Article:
Works and Days

by Hesiod



Hesiod was an ancient Greek farmer and poet whose poems are usually dated to the years 750 and 700 BCE. Hesiod is characterized by his rustic vocabulary and earthy imagery; his farming background shines through the language in his poetry. Works and Days is an 800-line poem which is generally considered Hesiod's most famous work. Robert Lamberton described the poem as "a jumbled collection of myths, proverbs, and farming lore." Despite the eclectic nature of Works and Days, it can be broadly divided into four sections: "Prometheus," the "Five Ages of Man," "The Farmer's Year," and "Days."

Plot Summary

Works and Days opens with a frame narrative, showing Hesiod bickering with his brother Perses. In the poem, Hesiod portrays himself as a wise, hardworking farmer with a wealth of wisdom to pass down to younger generations. Perses is caricatured as idle, unwise, and unproductive. The entirety of the poem is framed as Hesiod's attempt to teach his lazy brother some wisdom using mythology and proverbs, including farmer's proverbs. This framing device means that Works and Days can be interpreted either as gentle brotherly advice or a cynical diatribe. Whatever the interpretation, the central message of Works and Days remains the same: life is difficult, and the only route to success is hard work.


Hesiod begins his moralizations by telling Perses a story that explains why life is so difficult for humanity. He regales his brother with the tale of Prometheus, a titan who rebelled against Zeus by stealing fire and gifting it to humanity. In the myth, Zeus, in a rage, promises to punish both Prometheus for his theft and humanity for accepting the forbidden gift:

But things will go hard for you and for humans after this.
I’m going to give them Evil in exchange for fire,
Their very own Evil to love and embrace.

Zeus's punishment came in the form of the actions of a woman: Pandora. Although she was beautiful and was presented to humanity as a "gift," Pandora was dishonest and had a "cheating heart." Soon after her arrival on earth, Pandora finds a jar. Despite dire warnings, she is unable to contain her curiosity and famously unleashes horrors on humanity:

But the woman took the lid off the big jar with her hands
And scattered all the miseries that spell sorrow for men.

Hesiod ends his story by briefly explaining that Prometheus and Pandora are to blame for humanity's hardship.

Five Ages of Man

The second section of Works and Days is also mythological and mirrors the tale of Prometheus. Hesiod tells Perses of the "Five Ages of Man" to explain how humanity descended from a carefree existence to a reality laden with sufferings. He explains that the Golden Age was a time of ease and prosperity for humanity, and during this period, humans was ageless. The inhabitants of the Golden Age "had everything good" and were unburdened by sickness or hard labor. In the Silver Age, however, humanity, rather than staying ageless, started progressing from infancy to maturity and thus suffered significantly more physical and mental hardship. Finally, Hesiod explains that the Bronze Age was a time of violence when humanity used lethal bronze weapons to exterminate itself. By the end of the Bronze age, humans had ceased to exist.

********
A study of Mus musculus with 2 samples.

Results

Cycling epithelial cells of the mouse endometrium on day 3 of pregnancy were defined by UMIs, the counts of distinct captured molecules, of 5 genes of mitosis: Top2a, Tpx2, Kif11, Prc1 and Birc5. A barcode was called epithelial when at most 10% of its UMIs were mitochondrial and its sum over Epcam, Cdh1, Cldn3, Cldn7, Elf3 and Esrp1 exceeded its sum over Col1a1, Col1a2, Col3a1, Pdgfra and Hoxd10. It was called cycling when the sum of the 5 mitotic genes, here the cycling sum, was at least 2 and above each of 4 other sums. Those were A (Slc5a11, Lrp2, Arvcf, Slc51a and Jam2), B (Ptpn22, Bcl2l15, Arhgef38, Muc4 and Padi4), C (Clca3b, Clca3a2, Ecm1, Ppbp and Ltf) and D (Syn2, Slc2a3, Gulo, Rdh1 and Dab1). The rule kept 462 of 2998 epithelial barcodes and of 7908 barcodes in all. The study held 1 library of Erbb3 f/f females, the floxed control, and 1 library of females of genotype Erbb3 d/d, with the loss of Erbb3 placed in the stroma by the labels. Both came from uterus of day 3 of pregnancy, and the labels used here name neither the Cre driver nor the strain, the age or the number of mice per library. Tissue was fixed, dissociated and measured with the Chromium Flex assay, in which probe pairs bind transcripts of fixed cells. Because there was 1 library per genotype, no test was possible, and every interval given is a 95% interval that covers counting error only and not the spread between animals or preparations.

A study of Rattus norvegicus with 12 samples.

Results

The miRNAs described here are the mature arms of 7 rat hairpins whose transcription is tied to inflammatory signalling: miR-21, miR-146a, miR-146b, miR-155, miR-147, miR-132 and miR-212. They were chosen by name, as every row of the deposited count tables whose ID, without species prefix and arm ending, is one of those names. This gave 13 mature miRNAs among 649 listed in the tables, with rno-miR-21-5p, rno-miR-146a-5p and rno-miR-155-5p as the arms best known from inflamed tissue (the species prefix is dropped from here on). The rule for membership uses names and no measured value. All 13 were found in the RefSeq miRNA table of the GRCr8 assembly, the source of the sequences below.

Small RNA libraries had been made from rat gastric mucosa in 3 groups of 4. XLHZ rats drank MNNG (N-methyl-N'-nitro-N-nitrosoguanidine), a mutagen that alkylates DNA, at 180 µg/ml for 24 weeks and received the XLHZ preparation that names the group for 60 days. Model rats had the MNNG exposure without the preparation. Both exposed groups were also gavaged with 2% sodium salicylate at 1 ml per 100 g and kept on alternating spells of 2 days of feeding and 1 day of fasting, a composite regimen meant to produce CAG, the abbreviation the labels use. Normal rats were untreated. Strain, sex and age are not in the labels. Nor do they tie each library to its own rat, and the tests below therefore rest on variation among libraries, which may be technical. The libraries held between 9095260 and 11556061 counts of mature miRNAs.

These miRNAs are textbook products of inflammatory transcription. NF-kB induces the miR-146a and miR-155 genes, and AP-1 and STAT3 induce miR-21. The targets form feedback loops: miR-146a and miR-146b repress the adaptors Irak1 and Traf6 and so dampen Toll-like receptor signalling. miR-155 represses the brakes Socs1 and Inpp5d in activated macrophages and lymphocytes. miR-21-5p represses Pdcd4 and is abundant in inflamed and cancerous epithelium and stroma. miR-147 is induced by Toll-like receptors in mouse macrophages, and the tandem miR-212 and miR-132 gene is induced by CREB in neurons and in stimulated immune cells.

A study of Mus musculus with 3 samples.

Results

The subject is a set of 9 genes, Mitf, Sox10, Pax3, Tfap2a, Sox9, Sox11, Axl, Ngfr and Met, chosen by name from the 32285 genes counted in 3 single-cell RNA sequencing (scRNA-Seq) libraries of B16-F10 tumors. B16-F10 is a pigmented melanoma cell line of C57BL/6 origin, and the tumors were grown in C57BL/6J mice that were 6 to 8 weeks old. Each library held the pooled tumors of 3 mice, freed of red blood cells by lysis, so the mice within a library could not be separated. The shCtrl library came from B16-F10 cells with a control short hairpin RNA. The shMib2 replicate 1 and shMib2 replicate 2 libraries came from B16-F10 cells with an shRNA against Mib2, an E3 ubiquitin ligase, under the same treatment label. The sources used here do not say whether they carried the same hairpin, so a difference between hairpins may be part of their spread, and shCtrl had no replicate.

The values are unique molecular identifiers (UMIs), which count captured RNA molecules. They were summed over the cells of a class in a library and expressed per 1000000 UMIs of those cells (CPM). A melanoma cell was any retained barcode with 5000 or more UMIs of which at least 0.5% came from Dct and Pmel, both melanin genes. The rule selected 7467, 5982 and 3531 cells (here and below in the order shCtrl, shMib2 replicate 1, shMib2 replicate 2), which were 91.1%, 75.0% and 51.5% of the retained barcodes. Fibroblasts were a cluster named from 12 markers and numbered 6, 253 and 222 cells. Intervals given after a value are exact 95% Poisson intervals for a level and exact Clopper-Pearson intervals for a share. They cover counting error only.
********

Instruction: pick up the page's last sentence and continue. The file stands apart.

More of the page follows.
According to Hesiod, humanity was revived by the gods during the fourth age: the Age of Heroes—who earned glory in battle and were rewarded with immortality. The fifth and final age, inhabited by Hesiod and Perses, is the Iron Age. According to Hesiod, the Iron Age is miserable:

Not a day...

(This entire section contains 925 words.)

A man doesn’t have some kind of trouble.
Nights too, just wearing him down. I mean
The gods send us terrible pain and vexation.

The tale of Prometheus and the "Five Ages of Man" communicate a similar message: the world was once a paradise for humanity, but that utopia was corrupted. For the average Greek, this entails a life of hardship and toil that will inevitably end in death.

The Farmer's Year

Hesiod breaks from his mythological narrative in the third section of the poem; instead, he switches to a lengthy hymn to the seasons, which is sometimes referred to as "The Farmer's Year." This section is a breathless ode to the changing seasons that is also interspersed with pithy advice from Hesiod to Perses about the kinds of work that should be completed around the farm during each time of year. "The Farmer's Year" imparts to Perses (and the audience) some of the most practical advice in the poem. These include admonitions to dress warmly in winter, instructions to pay attention to signs of blights in the crops, and suggestions for patience when waiting for the proper time to harvest.


The final major section of Hesiod's poem is sometimes referred to simply as "Days." The last lines of the poem are filled with instructions on which day of the lunar calendar is best for performing specific tasks, though it is shown that these are largely based on superstitions. For example, Hesiod writes:

Avoid the 13th of the standing moon for sowing; but it is the best day for bedding vines.

While this sort of advice seems foreign to modern readers, it provides historians with a wealth of knowledge about the religious beliefs and agricultural superstitions of the ancient Greeks. Hesiod ends his poem abruptly in this final section with a final admonition to his brother Perses: he tells him to "work with knowledge of all this" and avoid upsetting the gods.